Continuity Irish Republican Army


At the 1986 Sinn Féin Ard Fheis (annual party conference) it was decided to discontinue the party's long held policy of abstention from the Dáil but this decision was rejected by a minority of members who walked out of the conference to form a new political party, Republican Sinn Féin. The dispute within Sinn Féin was also seen as one between the Northern Ireland leadership of the party under Gerry Adams, who remained within 'Provisional Sinn Féin', and the party's southern leadership under Ruairí Ó Brádaigh, who was among the defectors. Many IRA members opposed the new direction taken by Sinn Féin but remained part of the Provisional IRA until the Good Friday Agreement.

With the signing of the 1998 Good Friday (Belfast) Agreement, the CIRA announced its intention to continue the struggle against British rule, well before the formation of the 'Real' IRA. The CIRA continues to oppose the Agreement and, as of 2004, unlike the Provisional IRA, the CIRA has not announced a ceasefire or agreed to participate in weapons decommissioning. On 13th July, 2004, the US government designated the CIRA as a "terrorist" organisation [1] (, thereby making it illegal for Americans to provide material support to it, requiring US financial institutions to block the group's assets, and denying CIRA members visas into the US.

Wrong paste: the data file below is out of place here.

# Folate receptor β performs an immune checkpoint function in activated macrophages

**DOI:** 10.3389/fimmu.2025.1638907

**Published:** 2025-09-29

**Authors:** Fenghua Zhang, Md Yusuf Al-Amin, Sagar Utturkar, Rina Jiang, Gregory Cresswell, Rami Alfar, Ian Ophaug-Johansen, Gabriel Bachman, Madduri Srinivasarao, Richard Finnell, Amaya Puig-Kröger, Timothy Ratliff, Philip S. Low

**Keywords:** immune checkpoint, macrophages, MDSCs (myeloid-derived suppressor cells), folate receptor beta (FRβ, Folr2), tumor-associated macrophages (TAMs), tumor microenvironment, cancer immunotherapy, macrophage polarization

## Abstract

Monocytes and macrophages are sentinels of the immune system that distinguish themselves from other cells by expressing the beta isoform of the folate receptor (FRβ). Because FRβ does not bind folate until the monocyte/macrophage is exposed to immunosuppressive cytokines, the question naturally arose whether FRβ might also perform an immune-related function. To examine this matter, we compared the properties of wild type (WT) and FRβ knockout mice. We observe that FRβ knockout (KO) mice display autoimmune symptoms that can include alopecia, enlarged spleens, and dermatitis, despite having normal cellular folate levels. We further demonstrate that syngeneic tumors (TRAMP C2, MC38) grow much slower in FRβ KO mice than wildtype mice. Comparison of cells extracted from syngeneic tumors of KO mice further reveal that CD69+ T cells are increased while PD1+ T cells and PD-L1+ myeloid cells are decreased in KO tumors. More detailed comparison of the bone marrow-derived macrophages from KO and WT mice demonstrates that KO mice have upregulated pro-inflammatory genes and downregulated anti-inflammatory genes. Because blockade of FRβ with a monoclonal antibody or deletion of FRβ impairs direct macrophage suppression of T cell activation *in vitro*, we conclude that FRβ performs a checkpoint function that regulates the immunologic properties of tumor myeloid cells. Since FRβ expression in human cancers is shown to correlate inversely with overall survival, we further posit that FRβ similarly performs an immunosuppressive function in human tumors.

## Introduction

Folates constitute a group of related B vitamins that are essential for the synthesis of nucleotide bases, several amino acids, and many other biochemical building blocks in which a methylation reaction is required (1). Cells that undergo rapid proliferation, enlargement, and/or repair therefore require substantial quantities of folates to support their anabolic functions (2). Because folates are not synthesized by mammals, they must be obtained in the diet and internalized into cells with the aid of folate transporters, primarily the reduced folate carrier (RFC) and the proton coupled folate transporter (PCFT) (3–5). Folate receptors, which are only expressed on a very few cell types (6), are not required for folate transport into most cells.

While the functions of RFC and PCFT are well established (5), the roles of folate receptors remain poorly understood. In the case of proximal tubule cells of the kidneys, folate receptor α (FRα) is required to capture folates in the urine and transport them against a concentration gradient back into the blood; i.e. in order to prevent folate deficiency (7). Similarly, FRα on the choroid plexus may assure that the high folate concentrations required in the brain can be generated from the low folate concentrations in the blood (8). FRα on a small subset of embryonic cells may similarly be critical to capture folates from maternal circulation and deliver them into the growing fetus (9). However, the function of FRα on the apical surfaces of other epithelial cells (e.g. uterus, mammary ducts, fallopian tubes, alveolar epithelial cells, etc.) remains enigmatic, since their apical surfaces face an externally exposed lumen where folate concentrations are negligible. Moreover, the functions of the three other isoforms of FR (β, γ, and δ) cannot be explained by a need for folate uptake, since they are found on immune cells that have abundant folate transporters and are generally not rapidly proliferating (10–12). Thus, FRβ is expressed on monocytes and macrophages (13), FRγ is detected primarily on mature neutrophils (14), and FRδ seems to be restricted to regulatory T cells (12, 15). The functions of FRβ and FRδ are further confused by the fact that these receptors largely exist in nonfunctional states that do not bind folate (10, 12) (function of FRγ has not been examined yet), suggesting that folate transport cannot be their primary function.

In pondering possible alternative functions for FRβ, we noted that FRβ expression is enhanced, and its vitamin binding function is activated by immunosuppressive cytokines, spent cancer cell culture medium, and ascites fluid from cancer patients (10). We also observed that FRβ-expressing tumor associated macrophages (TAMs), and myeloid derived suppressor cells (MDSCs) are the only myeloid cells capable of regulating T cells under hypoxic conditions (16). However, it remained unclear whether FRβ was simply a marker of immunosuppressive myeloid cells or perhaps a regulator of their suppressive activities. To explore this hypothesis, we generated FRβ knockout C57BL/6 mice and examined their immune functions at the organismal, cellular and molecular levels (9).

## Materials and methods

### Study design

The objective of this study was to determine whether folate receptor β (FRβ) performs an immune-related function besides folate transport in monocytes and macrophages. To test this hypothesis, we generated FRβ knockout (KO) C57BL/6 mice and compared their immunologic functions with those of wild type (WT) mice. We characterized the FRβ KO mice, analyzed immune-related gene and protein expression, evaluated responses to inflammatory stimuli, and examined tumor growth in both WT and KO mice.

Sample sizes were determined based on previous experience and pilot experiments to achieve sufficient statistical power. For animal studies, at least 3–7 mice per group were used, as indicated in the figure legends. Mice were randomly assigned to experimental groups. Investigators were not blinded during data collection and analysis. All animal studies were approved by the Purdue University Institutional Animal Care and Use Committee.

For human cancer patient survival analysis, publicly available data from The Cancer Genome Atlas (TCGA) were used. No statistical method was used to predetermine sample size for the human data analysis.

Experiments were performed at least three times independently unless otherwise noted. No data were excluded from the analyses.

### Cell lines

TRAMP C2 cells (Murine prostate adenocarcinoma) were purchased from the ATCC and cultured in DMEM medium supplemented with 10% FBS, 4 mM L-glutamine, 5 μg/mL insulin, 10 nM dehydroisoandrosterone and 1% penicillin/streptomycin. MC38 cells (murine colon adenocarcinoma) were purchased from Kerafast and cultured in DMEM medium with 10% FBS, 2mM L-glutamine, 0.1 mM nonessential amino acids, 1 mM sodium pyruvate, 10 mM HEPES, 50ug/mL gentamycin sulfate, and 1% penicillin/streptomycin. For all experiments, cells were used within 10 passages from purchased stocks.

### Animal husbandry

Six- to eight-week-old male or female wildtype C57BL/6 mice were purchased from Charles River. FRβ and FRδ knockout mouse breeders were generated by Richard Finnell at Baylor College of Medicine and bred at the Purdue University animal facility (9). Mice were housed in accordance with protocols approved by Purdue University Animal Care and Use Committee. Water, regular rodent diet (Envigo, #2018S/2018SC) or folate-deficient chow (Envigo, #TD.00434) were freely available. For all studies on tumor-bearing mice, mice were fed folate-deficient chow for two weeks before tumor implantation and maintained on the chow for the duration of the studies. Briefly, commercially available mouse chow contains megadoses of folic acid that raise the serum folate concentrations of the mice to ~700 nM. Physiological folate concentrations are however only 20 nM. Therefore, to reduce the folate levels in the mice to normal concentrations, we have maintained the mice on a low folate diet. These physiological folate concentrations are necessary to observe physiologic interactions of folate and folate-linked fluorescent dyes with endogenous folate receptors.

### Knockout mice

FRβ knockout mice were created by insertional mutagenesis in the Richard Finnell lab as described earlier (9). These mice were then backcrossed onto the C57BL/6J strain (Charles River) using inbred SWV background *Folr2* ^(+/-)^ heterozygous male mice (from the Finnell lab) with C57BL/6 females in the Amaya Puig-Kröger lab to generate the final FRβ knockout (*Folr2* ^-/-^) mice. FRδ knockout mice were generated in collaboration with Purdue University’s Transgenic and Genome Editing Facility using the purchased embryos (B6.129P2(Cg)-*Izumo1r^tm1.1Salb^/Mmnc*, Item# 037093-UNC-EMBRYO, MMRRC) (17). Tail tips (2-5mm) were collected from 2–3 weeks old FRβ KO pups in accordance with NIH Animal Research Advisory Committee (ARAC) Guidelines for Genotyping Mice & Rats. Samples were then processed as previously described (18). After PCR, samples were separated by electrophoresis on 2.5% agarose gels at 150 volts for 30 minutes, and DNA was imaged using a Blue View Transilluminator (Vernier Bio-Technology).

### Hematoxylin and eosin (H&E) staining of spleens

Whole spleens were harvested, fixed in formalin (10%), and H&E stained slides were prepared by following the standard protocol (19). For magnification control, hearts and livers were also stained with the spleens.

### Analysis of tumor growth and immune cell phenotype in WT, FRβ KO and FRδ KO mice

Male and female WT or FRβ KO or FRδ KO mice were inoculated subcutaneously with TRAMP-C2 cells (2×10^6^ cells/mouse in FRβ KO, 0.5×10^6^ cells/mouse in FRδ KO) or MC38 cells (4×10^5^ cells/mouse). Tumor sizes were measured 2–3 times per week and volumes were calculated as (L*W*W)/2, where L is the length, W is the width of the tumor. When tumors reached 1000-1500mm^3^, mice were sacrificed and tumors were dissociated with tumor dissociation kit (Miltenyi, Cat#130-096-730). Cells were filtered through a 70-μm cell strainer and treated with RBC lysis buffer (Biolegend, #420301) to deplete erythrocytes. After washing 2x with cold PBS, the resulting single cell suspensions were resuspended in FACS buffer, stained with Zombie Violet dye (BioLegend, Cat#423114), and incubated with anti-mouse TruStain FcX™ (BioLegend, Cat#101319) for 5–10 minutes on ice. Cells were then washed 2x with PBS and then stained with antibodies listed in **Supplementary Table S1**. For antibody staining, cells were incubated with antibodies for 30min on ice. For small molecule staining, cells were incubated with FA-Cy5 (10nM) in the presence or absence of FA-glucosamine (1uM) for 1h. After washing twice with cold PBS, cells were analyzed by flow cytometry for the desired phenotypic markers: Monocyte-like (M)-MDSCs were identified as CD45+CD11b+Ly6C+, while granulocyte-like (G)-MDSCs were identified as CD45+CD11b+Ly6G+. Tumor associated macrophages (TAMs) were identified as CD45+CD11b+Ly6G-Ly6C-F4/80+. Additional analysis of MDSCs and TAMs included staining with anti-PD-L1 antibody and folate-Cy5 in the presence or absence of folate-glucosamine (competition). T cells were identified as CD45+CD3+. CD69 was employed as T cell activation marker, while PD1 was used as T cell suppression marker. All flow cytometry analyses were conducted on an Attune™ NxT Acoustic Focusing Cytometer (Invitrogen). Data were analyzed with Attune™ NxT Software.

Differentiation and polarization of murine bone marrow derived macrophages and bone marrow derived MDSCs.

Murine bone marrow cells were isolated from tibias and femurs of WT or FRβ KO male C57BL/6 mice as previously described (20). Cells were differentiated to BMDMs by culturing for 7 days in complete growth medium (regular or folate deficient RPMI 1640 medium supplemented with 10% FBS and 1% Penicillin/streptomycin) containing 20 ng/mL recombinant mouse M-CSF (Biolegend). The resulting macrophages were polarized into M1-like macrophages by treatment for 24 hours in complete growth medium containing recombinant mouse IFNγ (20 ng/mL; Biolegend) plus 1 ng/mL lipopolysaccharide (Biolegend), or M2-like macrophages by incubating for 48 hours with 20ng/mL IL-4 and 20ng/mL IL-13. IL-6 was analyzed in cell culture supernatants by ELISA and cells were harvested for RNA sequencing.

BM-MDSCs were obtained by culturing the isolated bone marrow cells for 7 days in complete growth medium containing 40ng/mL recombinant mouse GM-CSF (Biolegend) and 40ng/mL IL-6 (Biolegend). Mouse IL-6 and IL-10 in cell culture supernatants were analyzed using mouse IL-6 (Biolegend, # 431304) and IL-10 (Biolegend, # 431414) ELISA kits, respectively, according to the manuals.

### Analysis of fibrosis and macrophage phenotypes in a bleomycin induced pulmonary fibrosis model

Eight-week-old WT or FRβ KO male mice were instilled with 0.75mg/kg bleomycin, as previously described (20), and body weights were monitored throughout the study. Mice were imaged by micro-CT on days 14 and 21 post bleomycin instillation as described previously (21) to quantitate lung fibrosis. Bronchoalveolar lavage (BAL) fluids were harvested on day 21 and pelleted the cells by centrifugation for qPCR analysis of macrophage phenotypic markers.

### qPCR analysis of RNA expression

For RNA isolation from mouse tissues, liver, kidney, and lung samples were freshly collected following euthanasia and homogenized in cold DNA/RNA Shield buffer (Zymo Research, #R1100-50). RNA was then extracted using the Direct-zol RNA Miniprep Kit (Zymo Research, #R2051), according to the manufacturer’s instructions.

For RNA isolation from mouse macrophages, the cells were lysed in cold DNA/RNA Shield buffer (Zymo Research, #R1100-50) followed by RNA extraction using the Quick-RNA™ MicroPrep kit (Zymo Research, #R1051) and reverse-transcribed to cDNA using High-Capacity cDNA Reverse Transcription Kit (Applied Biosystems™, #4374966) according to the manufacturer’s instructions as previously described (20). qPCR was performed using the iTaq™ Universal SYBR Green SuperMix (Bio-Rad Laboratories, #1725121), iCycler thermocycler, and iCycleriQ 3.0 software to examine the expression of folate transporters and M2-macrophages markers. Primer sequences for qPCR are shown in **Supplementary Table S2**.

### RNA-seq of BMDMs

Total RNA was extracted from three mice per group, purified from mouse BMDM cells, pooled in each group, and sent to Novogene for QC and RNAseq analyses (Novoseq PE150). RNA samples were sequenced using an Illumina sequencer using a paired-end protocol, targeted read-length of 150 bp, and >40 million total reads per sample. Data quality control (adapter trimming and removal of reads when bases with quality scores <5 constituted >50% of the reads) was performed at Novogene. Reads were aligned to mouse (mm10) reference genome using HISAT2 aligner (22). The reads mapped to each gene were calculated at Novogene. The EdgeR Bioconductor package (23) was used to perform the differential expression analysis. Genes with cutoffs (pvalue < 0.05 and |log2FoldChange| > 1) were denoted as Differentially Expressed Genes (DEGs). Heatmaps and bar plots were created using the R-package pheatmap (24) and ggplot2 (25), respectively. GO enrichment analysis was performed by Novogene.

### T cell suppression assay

The CIRA claim to be the true inheritors of an Irish republican tradition that includes the 'Old' Irish Republican Army that fought the 1919-1921 War of Independence, and claims to have attained legitimacy as such in being recognised by Tom Maguire, the last surviving member of the Second Dáil, as the modern incarnation of the old IRA, in what CIRA supporters perceive to be a kind of 'apostolic' succession. These claims are not widely accepted among republicans however.

  • Activities: CIRA activities have included numerous bombings, assassinations and kidnappings, as well as extortion and robbery. Targets of the CIRA have included British military and Northern Ireland security targets, as well as unionist paramilitaries. It has also set off bombs in towns in Northern Ireland. The group is said to be the only terrorist group in Northern Ireland never to have killed or targeted a civilian. As of 2004, the CIRA is not believed to have an established presence or capability of launching attacks on the island of Great Britain.
  • Strength: In 2004 the United States (US) government believed the CIRA to consist of fewer than fifty fully active members.
  • External aid: The US government suspected the CIRA of receiving funds and arms from supporters in the United States. It is also believed that, in cooperation with the 'Real' IRA, the CIRA may have acquired arms and materiel from the Balkans.